Of Retrospect and a tango in Second Life

Ocho Tango Place; Inara Pey, October 2018, on FlickrOcho Tango Place – click any image for full size

I last wrote about Ocho Tango Place in 2015, as a part of a visit to artist Mistero Hifeng’s gallery space and store. The club and Mistero have long shared a Homestead region, and they still do; but while I’ve written about Mistero’s gallery in the intervening years, I’ve not been back to visit Ocho Tango Place since 2015.

Focusing on the tango, Ocho Tango Place is billed as a location for milonga and romance. At the time of my 2015 it sat atop a plateau above the rest of the region hosting it and Mistero’s gallery. However, whether this continued to be the case after September 2015, when both Mistero and Ocho Tango Place relocated to their current home is unclear.

Ocho Tango Place; Inara Pey, October 2018, on FlickrOcho Tango Place

What is clear is that today, both club and gallery now share a more integrated space. The latter has always used water in its design, and this continues through to the half of the region used by Ocho Tango Place, as designed by Megan Prumier and Sheerpetal Roussel, who owns the club.

Located to the east of the land, the club sits as an island of brick and stone – a former railway station – watched over by the tall figures of steel pylons silently carrying power lines. A terrace before the building offers outdoor seating, a wooden walkway reaching out over the shallow water to the landing point. A locomotive with tender and rail cars can be found at the rear of the club, venting steam as it sits on a single track.

Ocho Tango Place; Inara Pey, October 2018, on FlickrOcho Tango Place

Trees – most of them slender and birch-like – and grass mixes with the water across the rest of the setting, form  moist islands stretching to the horizon. The are broken into small groups by both clear water channels and the parallel lines of rail track as they curl around the parcel to arrive at buffers, the iron fingers of street lamps marking their route.

In the midst of this, a lone sandy hump rises bearing a denuded tree. Draped with blankets and with blankets and cushions beneath, it is one of several places people can sit and pass the time, along with the club’s terrace and upper floor. More can be found scattered across the parcel (and even higher up – check the power lines!). Further to the west is an outdoor events area lies over another low-lying sandbank offering a place for those seeking a little romantic privacy whilst dancing.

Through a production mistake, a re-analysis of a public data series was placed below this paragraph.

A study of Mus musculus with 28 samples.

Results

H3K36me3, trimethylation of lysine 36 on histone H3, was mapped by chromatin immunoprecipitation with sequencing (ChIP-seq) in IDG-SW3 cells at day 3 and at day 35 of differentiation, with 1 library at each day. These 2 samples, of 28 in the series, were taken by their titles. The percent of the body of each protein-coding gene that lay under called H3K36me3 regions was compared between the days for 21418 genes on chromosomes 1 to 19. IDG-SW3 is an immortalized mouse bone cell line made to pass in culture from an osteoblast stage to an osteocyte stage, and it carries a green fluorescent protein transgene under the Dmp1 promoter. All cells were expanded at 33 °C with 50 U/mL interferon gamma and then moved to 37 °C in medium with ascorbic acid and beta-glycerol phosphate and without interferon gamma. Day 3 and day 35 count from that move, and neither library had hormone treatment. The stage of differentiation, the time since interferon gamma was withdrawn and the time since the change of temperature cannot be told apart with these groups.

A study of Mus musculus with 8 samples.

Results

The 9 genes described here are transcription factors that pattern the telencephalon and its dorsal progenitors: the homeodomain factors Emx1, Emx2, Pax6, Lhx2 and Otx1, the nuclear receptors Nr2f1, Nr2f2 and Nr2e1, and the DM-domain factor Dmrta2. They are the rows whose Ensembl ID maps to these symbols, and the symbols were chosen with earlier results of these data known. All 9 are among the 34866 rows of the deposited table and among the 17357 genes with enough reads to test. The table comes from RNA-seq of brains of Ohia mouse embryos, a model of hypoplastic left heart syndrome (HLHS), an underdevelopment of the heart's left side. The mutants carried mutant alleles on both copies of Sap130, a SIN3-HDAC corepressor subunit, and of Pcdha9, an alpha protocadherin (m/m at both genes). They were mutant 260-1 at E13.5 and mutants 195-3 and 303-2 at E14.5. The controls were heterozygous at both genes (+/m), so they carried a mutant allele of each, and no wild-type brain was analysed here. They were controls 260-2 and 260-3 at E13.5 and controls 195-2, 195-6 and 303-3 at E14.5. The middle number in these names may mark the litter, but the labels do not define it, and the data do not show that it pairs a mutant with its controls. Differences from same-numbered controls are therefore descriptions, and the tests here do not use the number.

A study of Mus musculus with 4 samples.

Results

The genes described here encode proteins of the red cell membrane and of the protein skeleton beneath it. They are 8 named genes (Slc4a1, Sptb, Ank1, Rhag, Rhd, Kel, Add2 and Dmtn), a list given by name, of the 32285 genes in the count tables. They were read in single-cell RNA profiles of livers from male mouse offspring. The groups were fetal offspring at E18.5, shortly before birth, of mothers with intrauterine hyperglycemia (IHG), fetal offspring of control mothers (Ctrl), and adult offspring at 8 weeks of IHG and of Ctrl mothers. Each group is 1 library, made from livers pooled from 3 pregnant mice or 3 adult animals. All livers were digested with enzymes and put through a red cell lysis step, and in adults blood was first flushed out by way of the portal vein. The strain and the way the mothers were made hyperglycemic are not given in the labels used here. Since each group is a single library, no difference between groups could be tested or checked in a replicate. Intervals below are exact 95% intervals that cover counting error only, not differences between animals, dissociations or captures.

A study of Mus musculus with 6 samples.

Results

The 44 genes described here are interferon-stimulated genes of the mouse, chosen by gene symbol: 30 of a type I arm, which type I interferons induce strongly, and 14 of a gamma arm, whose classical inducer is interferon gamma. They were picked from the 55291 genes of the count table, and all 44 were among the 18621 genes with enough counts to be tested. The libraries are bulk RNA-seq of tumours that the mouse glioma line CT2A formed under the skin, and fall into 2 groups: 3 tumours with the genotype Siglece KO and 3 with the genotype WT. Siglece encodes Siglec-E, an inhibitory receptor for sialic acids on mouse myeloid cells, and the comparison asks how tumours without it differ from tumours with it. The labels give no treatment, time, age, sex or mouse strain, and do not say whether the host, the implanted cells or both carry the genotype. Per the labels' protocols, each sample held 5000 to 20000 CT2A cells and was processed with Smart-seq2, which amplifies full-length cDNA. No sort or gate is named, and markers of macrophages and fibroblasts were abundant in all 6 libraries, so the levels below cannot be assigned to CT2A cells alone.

Ocho Tango Place; Inara Pey, October 2018, on FlickrOcho Tango Place

Wildlife in the area takes the form of origami flamingoes standing in the water or circling overhead, presenting a slightly surreal, but fitting aspect to the setting for those who fancy exploring it. They are balanced by a family of ducks enjoying the freedom to swim on the waters beyond the club to the east.

I’m not sure on when events are held at Ocho Tango – there is no events board available, and while there is a dedicated group for the club, it didn’t have any details of past events when I checked to offer some frame of reference. However, the audio stream carries music in keeping with the theme of the club, allowing those wishing to enjoy a dance to drop in and pass the time whenever they wish.

Ocho Tango Place; Inara Pey, October 2018, on FlickrOcho Tango Place

Coupled with Mistero’s gallery space alongside it (with TP to his store), a visit to Retrospect and Ocho Tango makes for an engaging visit, mixing art and dance together in a visually striking setting.